Guided Math: Differentiating Instruction

Guided Math allows the teacher to differentiate math instruction to reach every student. The structure of Guided Math allows for support of each level of learner through the use of small groups.

It’s just like Guided Reading, but for your Math block.

All teachers have this innate ability to create powerful and supportive groups for learning. We collect data like bosses, and we teach, reteach, and reinforce like bosses. It’s like it’s in our blood.

But there are times when re-creating the wheel is unnecessary, or we need to switch things up.

And it’s always a good idea to keep a few tricks in your back pocket.

So how do you group your students? And how often do you change the grouping of students?

Grouping students can be done in tens of different ways, but I group students by:

  • math topic OR
  • student ability level

I change Guided Math groups when we change topics. Because I teach in a self-contained special needs classroom, this could be weekly or monthly, depending on how quickly students are mastering the skill(s) being taught.

And, honestly, sometimes, because my classroom houses kids in grades 1-4, I am teaching 4 different topics at once. #iknow  Centers are my best friend, and utilizing my classroom para is key to surviving.

While Guided Math can look very different in two classrooms (centers are different or timing is a few minutes different), the overall scheduling piece is somewhat similar.

Your district or your school dictates how much time is given to teach math.

Let’s say you have 90 minutes a day for math:

  • Warm up – 10 minutes
  • Whole Group Lesson – 30 minutes
  • Math Centers / Rotations – 40 minutes
    • 3 – 5 different centers
  • Clean up and Closing / Reflection  – 10 minutes

You also want to keep in mind that at the beginning of the week, you may need to teach students how to use certain centers or what to do in certain centers. That way you can focus on your small group while other students are working independently.

One tip for being more efficient with time in relation to centers is to choose a couple of styles of center, and use the same styles all year. For example, your centers could be: 1. small group, 2. file folders, 3. computer / tablet, 4. work task.

At the beginning of the year, you will teach students how to use the centers and what to do, and only need to shortly reteach or use visual reminders at the centers. This will save you, the teacher, time.

Besides centers helping my students thrive in Guided Math, another survival tip is to have one key place for all supplies for each student or each group.

Student VS. Group supply caddies will depend on the dynamics of your classroom.

[ Order my supply caddy here. ]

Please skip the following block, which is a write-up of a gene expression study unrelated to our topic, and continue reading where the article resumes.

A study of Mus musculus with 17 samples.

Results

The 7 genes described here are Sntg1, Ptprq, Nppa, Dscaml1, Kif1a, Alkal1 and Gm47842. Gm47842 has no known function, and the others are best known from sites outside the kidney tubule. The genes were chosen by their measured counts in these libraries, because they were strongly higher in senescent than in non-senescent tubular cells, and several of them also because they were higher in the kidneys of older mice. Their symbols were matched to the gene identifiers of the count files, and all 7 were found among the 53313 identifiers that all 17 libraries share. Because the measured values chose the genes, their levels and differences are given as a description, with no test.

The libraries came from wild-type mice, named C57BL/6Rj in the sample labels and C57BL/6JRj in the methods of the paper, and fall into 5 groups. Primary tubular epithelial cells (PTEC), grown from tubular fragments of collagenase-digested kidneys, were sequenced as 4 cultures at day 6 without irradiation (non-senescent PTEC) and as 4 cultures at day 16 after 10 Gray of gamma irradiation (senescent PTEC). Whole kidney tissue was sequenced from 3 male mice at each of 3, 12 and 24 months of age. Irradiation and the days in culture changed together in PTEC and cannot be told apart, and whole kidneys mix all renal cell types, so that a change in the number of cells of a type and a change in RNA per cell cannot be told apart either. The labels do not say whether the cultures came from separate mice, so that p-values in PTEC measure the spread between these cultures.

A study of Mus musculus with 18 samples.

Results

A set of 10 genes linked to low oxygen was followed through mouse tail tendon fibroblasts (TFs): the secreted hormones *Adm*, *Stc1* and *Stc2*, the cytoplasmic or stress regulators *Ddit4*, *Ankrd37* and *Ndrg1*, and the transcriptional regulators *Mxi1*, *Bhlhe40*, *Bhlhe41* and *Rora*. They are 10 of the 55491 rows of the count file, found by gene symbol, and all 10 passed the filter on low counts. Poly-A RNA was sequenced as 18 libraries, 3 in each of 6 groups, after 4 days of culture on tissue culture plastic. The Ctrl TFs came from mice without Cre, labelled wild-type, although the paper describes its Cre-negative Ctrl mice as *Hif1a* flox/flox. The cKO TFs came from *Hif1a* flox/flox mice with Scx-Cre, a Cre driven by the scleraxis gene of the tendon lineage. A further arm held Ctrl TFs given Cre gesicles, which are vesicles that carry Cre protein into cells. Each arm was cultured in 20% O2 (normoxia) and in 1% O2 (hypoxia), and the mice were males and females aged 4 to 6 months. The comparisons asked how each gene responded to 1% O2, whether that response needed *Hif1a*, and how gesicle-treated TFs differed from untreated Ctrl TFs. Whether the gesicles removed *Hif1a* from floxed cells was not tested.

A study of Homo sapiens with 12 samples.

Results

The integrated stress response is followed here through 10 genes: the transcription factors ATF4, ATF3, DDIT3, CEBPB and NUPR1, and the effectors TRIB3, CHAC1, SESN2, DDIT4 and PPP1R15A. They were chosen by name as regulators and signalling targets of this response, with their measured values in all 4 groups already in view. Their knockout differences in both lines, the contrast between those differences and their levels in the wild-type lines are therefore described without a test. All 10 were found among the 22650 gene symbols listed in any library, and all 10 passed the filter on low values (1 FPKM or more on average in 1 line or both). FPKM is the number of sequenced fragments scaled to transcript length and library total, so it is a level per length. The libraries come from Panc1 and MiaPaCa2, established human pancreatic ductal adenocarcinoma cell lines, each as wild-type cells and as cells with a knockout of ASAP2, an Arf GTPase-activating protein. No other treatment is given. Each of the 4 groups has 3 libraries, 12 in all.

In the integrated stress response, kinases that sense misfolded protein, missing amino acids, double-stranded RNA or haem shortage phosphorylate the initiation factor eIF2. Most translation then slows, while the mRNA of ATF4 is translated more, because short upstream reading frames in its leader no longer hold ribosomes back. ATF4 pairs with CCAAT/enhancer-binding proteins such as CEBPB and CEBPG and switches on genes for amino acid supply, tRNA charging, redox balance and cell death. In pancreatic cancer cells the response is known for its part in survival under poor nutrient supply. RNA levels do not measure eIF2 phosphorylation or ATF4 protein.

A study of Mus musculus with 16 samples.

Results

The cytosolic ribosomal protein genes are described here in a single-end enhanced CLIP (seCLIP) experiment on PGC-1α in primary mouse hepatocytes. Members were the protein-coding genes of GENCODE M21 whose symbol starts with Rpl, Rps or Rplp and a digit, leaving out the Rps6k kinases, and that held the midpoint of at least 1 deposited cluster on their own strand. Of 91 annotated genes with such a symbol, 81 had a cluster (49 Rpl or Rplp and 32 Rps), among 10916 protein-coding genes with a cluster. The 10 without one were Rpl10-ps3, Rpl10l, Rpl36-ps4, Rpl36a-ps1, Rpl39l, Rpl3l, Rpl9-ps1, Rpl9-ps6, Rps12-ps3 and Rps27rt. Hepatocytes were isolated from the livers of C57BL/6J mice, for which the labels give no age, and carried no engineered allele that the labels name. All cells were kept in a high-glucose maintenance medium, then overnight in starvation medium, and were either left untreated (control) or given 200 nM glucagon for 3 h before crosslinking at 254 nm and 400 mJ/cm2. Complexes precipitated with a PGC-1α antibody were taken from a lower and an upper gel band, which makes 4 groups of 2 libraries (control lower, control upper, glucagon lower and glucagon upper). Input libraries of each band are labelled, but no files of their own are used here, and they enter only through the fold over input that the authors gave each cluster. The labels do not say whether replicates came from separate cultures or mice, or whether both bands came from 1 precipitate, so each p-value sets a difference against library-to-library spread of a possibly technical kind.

My classroom is color coded. You can read all about that here and here. And I have found it most beneficial to have an individual supply cup for each student. The above picture is the exact supply caddy I use in my classroom.

When it is time to work, my students know to go grab their cup and bring it to the table. We do practice and have visual reminders that we only take the supplies we need out of the cup, the rest stay in the cup. When we are finished with a supply, it goes back in the cup. This helps keep individual work spaces tidy and the table area clean.

[ Order a community supply caddy set here. ]

When my students go in to an inclusive setting with their peers, most classrooms use a table supply caddy. I love this because it helps students not only learn to share supplies, but to keep a community area clean.

Teachers will number each community  supply caddy, or color code them, so there aren’t disagreements over supplies.

Supplies I have seen in community caddies include (but are not limited to):

  • 1 set of markers / 3-4 packs of crayons
  • paint daubers / bingo daubers
  • 3-4 bottles of glue / glue sticks
  • 1 big eraser for each student
  • 1 dry erase marker for each student / dry eraser
  • scissors

…but you can put any and all supplies in the community caddies.

I’ve also been in multiple classrooms where students will have individual pencil boxes in their desks, filled with individual supplies of pencils, crayons, scissors, and an erasers… and then on top of the grouped desks will be a community supply caddy with glue and other shareable supplies.

data shortcuts lead magnet

How do you plan for Guided Math groups? Let us know in the comments below!


  • Next up, the must have manipulatives you need in your special needs classroom for Guided Math. Click here to read.
  • Looking for Smashing Strategies for Guided Reading: start here.